What is a beautiful bureaucrat? Hard to say. And even harder to say after reading this novel peopled by bureaucrats who do their mysterious work in a building so big it stretches from one subway station to another.
The entrances are lettered. The floors, of course, are numbered, but good luck getting off on one of the even-numbered floors, as our heroine, Josephine, determined to learn what goes on in this vast, windowless concrete structure, tries to do.
Josephine, married to Joseph David Jones ("Does it bother you that your husband has such a commonplace name?" the menacingly bland interviewer asks her when she applies for the job), so desperately needs the job, inputting data, that it hardly matters what she's doing, let alone what the data mean. Until it does.
This peculiar little book is a mash-up of a couple of types of novel — with some of the conspiratorial paranoia of Pynchon, some of the poignant comical darkness of Kafka and some of the interior tenderness of contemporary literary fiction. Although much of the story, for instance, is taken up with Josephine's job, typing names and numbers from file after file into a database, pursuing the sinister meaning of those entries while contending with creepy cartoonish characters straight out of Terry Gilliam's "Brazil" (the Person With Bad Breath; the preternaturally perky, busty, stiletto-heeled Trishiffany; the ubiquitous man in a gray sweatshirt), what really matters is that Josephine and Joseph long to have a baby.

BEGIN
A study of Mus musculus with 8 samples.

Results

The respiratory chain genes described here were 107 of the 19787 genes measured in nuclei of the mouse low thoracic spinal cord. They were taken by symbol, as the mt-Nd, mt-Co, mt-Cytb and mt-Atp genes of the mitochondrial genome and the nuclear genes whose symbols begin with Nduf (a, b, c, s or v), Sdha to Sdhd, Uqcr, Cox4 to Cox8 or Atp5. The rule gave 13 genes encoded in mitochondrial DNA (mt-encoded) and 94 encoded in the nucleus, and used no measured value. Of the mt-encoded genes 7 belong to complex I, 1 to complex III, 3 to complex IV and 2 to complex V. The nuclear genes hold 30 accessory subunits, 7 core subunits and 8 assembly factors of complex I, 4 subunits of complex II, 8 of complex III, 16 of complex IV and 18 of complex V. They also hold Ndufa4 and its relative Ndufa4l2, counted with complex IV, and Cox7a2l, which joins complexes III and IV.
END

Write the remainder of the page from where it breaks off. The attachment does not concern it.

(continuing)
Their love — which has carried them from the Hinterland (let's assume the Midwest) and lasted through long unemployment and a series of progressively more depressing apartments sublet from strangers, emphasis on "strange" — is marked by a perfect consonance.
"Only their two minds in the entire universe contained the same specific set of images … tens of thousands of conversations and jokes. Without him she was just a lonely brain hurtling through space, laughing quietly to itself."
This essential link between them expresses itself in wordplay, often a rearranging of letters that torments Josephine in her immersion in the database's names ("EMMITT JUDD ARCHINGTON" becomes "ACHING TORN," then "CHANTING OR"), although when the inversion becomes significant ("Life. File. How had she never noticed?"), a reader may have reached acrostic fatigue.
What Helen Phillips has created is, finally, an intriguing fictional world in which love and language meet their match in routine and necessity — and who, or which, triumphs may be a reader's choice.
Ellen Akins teaches in the MFA program at Fairleigh Dickinson University. She lives in Wisconsin.